Rusal shares gain after ‘robust’ quarterly results
Chief executive remains optimistic as year end approaches, with aluminium consumption growing ‘at a very healthy pace while supply remains tight’
Shares in Rusal, the world’s second largest aluminium producer, rose as much as 11.9 per cent after it posted a 13.9 per cent year-on-year rise in third-quarter recurring net profit, thanks to a substantial fall in material and production costs.
The Moscow-based firm recorded recurring net profit of US$327 million for the three months to September 30, up from US$287 million in the year-earlier quarter, it said in a filing to Hong Kong’s stock exchange on Friday, better-than-expected.
Net profit, when including non-recurring items, amounted to US$273 million in the quarter, compared to a loss of US$54 million in the same quarter last year during which a US$236 million fair value loss on financial derivate instruments was booked.
For the year’s first nine months, it posted a net profit of US$534 million, down 35.3 per cent year-on-year, as an 18 per cent plunge in the average aluminium selling price failed to offset a 9.5 per cent reduction in its production costs, excluding fixed costs such as asset depreciation.
The company is forecast to record a net profit of US$780 million for the year and US$790 million next year, according to average estimate of 11 analysts polled by Thomson Reuters.
Rusal shares closed 3.7 per cent higher on Friday in Hong Kong at HK$3.32 after surging as much as 11.9 per cent, bucking the Hang Seng Index’s 1.3 per cent decline.
They jumped 15.9 per cent on Thursday as investors bid up base metal stocks on speculation of a surge in future demand after Donald Trump proposed raise investment substantially after he becomes president to renew the nation’s ageing infrastructure.
Citing “cost disciplines” as a factor behind the “robust” quarterly result, chief executive Vladislav Soloviev said Rusal’s aluminium cash production costs fell to “a multi-year low” of US$1,330 a tonne, which he said ranks the firm among “the most efficient global aluminium producers”.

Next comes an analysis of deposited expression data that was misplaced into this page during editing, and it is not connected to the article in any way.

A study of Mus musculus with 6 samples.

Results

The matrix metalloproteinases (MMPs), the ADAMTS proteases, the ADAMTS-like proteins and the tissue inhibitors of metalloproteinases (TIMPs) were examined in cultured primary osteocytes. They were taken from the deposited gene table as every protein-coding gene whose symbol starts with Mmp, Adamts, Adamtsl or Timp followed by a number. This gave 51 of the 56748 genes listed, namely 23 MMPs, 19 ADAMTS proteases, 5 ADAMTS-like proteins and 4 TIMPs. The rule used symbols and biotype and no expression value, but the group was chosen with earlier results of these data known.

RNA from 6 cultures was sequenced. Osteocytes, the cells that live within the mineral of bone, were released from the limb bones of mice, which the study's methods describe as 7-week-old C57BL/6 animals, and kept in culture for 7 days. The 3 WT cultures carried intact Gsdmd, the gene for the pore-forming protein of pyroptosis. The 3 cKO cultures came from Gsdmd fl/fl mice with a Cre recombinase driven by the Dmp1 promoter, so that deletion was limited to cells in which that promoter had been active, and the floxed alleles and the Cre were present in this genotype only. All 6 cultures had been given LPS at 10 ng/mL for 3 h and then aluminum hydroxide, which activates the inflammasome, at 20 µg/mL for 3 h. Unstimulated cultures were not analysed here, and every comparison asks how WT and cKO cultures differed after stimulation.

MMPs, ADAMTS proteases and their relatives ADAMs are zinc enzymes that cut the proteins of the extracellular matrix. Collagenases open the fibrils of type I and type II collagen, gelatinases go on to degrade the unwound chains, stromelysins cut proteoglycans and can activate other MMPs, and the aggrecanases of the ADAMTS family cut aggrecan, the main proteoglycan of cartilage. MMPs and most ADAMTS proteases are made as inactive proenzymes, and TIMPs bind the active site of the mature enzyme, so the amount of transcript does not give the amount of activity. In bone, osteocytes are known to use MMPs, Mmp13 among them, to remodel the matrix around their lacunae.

Revenue decreased 0.6 per cent year-on-year to US$2.06 billion, as a 4.8 per cent decline in the average aluminium selling price to US$1,754 a tonne and a 21.3 per cent fall in that of intermediate raw material alumina to US$277 a tonne, were offset by a 7.6 per cent fall in aluminium production cost.
Sales volumes of aluminium and alloys increased 4.5 per cent year-on-year to 981,000 tonnes in the quarter.
“[Rusal] remains optimistic as we approach the year end, with aluminium consumption growing at a very healthy pace while supply remains tight due to stronger pressure from increasing cost inflation,” Soloviev said.
The firm lifted its global aluminium consumption growth forecast for this year to 5.5 per cent from 5.4 per cent projected in late August, when it expected 7.2 per cent growth in China to 31 million tonnes and 3.5 per cent growth elsewhere to 28.5 million tonnes.
Rusal said the automotive industry, which has been seeking to reduce the weight of vehicles and improve fuel economy of their products, is a key area of growth for the company.
“Increased global automotive demand has led to significant investments in rolling slab and large diameter extrusion billet, as we remain focused on producing alloys for the automotive
industry, in particular non-wheel aluminium application,” it said.